Asia News Archive
Political Scientist Takeshi Iida investigates shifts in voter attitudes and participation behind the 2009 election result that brought the Democratic Party of Japan to power for the first time.
Saloni Mathur, a UCLA art historian, reconsiders the career of Amrita Sher-Gil with reference to Gauguin and Van Gogh, putting modernist painting in a global frame.
To write a sweeping new study of China's ramped-up engagement with African governments, "The Dragon's Gift: The Real Story of China in Africa," Deborah Brautigam of American University had to set aside most of what Chinese and Western media said on the subject.
Allen Hicken of the University of Michigan traces some of today's political unrest and polarization in Thailand to the effects, intended and otherwise, of political reforms.
Years after Indian Ocean tsunami, students hope to help by marketing community's handicrafts, reports The Daily Bruin student newspaper.
"Afghanistan in Ink: Literatures of Nation, War, and Exile" focused on works written or recorded in the tumult of the past three decades. Audio podcasts of conference presentations are now available.
Indiana University's William Fierman gives a tour of language in post-Soviet Central Asia, describing how individual governments have responded to an altered political landscape in part by trying to control written and spoken usage.
Shoji Yamada, professor at the International Research Center for Japanese Studies in Kyoto, takes a closer look at Japan, Zen and the West.
Director of the UCLA Center for Korean Studies and a leading light on pre-modern Korea, Duncan has lived comfortably in two cultures since the late 1960s. Duncan is receiving the Korea Foundation Award in Seoul for a lifetime of contributions to Korean studies worldwide.
Dosoung Choi of the Bank of Korea delivers the inaugural lecture in a series jointly sponsored by the UCLA Center for Korean Studies and Seoul National University. The lectures will look at global issues from Korean vantage points.
Maura Dykstra received a pre-dissertation fellowship from the Asia Institute in 2008 to study in Shanghai through the UCLA-East China National University (ECNU) graduate exchange program.
Elizavida Fouksman investigated human rights abuses in rural India during her junior year, then returned after graduation to inspire social activism. She is UCLA's 12th Rhodes Scholar.
Because of the generous gift, UCLA remains the only campus in California offering Thai language instruction at all levels. On Nov. 23, the Center for Southeast Asian Studies and the International Institute hosted a luncheon in honor of Consul General Damrong Kraikruan.
In a nationwide report released this week, UCLA ranked eighth among U.S. universities in the number of foreign students it hosted during the 2008-09 academic year and was fifth in the number of students it sent abroad to study in 2007-08. UCLA was the only University of California campus listed in the top 10 in either category.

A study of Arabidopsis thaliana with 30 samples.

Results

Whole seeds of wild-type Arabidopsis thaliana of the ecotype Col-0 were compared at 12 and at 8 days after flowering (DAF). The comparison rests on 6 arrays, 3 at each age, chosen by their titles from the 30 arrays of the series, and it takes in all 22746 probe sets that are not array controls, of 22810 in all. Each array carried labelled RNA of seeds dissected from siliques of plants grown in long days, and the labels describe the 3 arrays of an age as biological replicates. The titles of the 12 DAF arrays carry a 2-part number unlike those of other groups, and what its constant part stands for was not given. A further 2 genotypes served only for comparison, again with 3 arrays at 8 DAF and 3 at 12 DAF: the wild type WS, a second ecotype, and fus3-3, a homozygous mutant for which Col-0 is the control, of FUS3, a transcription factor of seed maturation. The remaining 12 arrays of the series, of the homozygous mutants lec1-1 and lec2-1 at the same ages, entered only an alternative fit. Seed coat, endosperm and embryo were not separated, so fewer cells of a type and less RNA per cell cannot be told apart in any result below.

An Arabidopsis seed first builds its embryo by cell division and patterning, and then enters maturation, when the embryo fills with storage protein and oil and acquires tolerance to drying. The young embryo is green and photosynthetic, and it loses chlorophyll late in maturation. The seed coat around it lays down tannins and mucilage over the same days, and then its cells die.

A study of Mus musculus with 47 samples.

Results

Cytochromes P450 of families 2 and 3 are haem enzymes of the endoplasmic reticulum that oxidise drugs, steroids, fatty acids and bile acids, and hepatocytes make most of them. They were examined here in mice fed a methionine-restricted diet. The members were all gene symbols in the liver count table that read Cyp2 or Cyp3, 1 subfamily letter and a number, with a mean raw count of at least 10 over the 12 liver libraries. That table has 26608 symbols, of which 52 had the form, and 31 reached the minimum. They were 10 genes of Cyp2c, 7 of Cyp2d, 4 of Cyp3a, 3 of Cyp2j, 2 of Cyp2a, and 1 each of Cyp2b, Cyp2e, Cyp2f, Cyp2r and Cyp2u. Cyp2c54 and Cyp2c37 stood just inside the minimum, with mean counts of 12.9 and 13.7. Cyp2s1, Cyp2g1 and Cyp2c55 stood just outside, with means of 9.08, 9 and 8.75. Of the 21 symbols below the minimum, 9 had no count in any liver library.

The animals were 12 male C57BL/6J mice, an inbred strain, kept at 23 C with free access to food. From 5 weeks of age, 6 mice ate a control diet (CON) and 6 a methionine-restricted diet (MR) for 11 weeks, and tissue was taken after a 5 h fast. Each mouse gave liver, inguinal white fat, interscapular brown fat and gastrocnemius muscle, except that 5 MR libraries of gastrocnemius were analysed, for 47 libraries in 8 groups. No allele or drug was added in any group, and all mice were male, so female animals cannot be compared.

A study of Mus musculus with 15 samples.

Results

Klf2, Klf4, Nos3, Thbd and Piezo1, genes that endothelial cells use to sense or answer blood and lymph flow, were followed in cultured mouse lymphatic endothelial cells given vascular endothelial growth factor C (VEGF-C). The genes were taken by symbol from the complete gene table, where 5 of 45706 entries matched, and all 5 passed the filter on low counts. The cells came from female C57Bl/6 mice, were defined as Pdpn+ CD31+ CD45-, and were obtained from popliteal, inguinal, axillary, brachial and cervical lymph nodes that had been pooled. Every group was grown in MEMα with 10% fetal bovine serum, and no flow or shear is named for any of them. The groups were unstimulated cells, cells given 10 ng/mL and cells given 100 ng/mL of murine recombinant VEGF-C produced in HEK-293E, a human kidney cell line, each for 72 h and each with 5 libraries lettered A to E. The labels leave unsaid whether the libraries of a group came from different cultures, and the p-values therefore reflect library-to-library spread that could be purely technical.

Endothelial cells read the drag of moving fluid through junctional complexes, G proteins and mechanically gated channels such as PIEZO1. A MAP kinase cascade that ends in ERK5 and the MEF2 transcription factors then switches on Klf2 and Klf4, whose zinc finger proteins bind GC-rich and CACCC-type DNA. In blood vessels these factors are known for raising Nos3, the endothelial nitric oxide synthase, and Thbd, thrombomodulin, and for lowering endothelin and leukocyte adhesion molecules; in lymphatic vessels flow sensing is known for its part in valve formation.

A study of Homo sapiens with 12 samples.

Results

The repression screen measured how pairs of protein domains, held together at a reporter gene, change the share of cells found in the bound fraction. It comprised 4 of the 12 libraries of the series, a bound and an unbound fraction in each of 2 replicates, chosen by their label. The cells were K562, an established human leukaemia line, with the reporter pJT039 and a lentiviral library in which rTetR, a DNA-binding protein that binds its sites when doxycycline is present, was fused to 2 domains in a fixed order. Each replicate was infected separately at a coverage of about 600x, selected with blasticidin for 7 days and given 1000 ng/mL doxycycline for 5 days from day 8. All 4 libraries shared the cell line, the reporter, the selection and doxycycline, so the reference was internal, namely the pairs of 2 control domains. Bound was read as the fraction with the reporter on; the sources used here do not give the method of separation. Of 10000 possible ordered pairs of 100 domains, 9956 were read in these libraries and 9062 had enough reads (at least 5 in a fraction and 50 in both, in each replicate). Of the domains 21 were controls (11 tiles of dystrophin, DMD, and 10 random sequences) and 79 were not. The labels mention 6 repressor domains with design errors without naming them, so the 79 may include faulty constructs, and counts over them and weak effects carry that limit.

About 700 UC students withdrew from school in 1942 when they and approximately 120,000 Japanese-Americans on the West Coast were sent to internment camps. UCLA will award honorary degrees this spring.
Rick Miller, a graduate student in Geography, spent the year studying settled nomads and Mongolian language in Ulaanbaatar
Elya Filler's Global Studies thesis on the East Asian sex industry and its historical background won that interdepartmental program's top honor for 2008-09. Now she is volunteering at a school in Cambodia and thinking about how best to continue her education while helping to battle poverty.
Shaukat Aziz, who served Pakistan for eight years as finance minister and prime minister, argues in a talk at UCLA that global and regional powers will need to meet with all Afghan factions, the Taliban included, and offer a Marshall Plan for Afghanistan in order to put the country on the right track.
Somaly Mam, founder of the Somaly Mam Foundation goes into detail about her personal experiences as a survivor of forced prostitution for Daily Bruin Radio. Somaly urges students to visit her website somaly.org in order to read testimonials, look at pictures and learn how to save lives.
Shoichi Iwasaki reports on a four-year collaborative project of international Linguistics researchers
Current installation at the Fowler Museum highlights fresh flavors of an ancient brew, reports The Daily Bruin.
Yu In-Chon, South Korea's minister of culture, sports and tourism, met Tuesday with UCLA Korean studies faculty members and Nicholas Entrikin, the vice provost for international studies. Yu, a well-known former actor, heard from CKS Director John Duncan and Professors Burglind Jungmann, Sung Deuk Oak, Lisa Kim Davis and Dong-suk Kim about their current research and thanked them for building an excellent Korean studies program at UCLA.
In his 2009 book, "Islam and the Army in Colonial India: Sepoy Religion in the Service of Empire," Professor Green follows the development of a "barracks Islam" that was practiced by Indian soldiers and their faqir holy men in 19th- and early 20th-century Hyderabad, a princely state then under de facto British rule.
Fudan Scholarly Translation Workshop in Shanghai was sponsored by the UCLA Confucius Institute and was designed to teach the general principles of translation and to help students with their graduate research.
This year's International Institute summer training program for teachers, a 10-day workshop, traced the evolution of regional and cross-regional food cultures from antiquity to the present day in Africa, Asia, Europe, Latin America and the Middle East.